SHACKLETON NEWS ARCHIVE
A quite remarkable collection of photographs of glacier formations and of the kind of terrain which Shackleton and his colleagues and rivals faced when approaching the Antarctic plateau from the New Zealand side can be found at the comprehensive and scientific 'Ross Sea' site (rossea.info).
The site is well worth visiting by anyone interested in glaciers and other natural ice formations, and their effects on climate change.
Another Shackleton Glacier, on Elephant Island, has been featured in two impressive paintings by the artist Lucia deLeiris, whose website contains many haunting images of southern climes. Lucia took three trips to Antarctica under the auspices of the National Science Foundation Artist and Writer's program.
She has illustrated three books: Natural History of the Antarctic Peninsula (Columbia University Press '88), and Meredith Hooper's Antarctic Journal (Frances Lincoln and National Geographic, 2000) and The Island that Moved (Viking, and Frances Lincoln, 2004), as well as holding many solo exhibitions at major Museums and Galleries, including the Smithsonian Institute in Washington DC and the Harvard Museum of Natural History.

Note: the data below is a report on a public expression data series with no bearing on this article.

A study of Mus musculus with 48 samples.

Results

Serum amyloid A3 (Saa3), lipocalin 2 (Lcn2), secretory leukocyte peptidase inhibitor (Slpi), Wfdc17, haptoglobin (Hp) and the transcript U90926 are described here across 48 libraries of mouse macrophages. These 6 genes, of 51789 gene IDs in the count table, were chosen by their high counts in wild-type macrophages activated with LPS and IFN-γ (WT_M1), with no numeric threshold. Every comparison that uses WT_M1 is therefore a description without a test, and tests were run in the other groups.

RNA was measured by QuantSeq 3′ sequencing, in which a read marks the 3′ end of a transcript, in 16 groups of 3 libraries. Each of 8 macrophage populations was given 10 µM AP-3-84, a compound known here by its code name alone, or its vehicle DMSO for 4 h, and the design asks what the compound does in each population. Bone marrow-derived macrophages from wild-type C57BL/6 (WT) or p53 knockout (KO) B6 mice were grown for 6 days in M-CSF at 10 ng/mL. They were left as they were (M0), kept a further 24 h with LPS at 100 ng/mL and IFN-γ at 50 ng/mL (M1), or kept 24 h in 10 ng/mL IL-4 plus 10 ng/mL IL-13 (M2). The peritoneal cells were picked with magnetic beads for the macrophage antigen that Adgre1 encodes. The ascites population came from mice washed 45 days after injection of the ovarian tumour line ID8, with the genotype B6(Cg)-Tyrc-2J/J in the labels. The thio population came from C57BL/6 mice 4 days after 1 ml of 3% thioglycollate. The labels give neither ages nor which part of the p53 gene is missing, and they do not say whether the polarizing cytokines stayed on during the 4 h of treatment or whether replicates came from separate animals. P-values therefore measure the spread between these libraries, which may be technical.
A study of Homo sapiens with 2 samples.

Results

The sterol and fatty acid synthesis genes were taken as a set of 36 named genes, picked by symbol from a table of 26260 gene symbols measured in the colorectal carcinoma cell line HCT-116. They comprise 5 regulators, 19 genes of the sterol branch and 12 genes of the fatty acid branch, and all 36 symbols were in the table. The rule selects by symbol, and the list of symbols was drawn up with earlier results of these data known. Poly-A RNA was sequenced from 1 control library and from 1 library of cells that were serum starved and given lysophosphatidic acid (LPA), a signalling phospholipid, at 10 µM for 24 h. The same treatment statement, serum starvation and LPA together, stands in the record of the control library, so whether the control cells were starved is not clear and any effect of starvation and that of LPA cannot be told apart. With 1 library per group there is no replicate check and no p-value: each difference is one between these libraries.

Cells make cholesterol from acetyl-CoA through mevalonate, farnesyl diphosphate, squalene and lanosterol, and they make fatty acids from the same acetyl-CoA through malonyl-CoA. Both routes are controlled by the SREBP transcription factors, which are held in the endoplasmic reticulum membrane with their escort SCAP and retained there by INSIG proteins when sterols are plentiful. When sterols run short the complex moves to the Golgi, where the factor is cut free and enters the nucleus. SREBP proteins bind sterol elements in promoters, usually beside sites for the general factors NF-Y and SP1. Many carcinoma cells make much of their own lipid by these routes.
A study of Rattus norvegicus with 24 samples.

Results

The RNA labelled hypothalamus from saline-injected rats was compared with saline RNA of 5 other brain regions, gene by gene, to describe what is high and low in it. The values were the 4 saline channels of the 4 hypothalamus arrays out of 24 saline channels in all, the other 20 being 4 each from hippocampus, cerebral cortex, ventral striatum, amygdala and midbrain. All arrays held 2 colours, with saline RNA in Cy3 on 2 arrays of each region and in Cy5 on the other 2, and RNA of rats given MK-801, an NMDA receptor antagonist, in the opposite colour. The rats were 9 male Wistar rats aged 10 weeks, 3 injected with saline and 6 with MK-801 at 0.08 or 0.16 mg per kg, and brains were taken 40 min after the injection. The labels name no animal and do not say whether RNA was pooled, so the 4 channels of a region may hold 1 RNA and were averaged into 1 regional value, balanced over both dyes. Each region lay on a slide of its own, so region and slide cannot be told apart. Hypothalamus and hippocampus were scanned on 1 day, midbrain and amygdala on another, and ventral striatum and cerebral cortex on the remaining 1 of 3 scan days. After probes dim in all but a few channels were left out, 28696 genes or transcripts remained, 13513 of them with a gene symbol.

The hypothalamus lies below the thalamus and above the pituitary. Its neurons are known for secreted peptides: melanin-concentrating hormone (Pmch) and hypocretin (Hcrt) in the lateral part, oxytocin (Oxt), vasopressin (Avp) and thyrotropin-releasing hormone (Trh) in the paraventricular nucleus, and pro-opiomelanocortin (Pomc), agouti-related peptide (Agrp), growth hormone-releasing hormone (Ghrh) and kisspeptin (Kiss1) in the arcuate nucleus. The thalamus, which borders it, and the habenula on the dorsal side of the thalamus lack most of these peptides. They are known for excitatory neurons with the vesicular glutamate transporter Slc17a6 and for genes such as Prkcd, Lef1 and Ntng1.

Many of Lucia's Polar images have been reproduced and are available for purchase as originals or prints. They include images of Elephant Island, Port Lockroy, the Lemaire Channel and much else.
Most importantly, there is a dramatic painting that graphically evokes the James Caird battling through the waves on its hazardous and treacherous 800 mile journey to South Georgia.
Below is also a fine view of Mount Shackleton in Antarctica, named after the explorer and leader in 1907-9 of the Nimrod expedition, which made an attempt upon the Pole from the New Zealand end (in distinction to the Endurance trip, which approached from the South American and Falkland Island approach).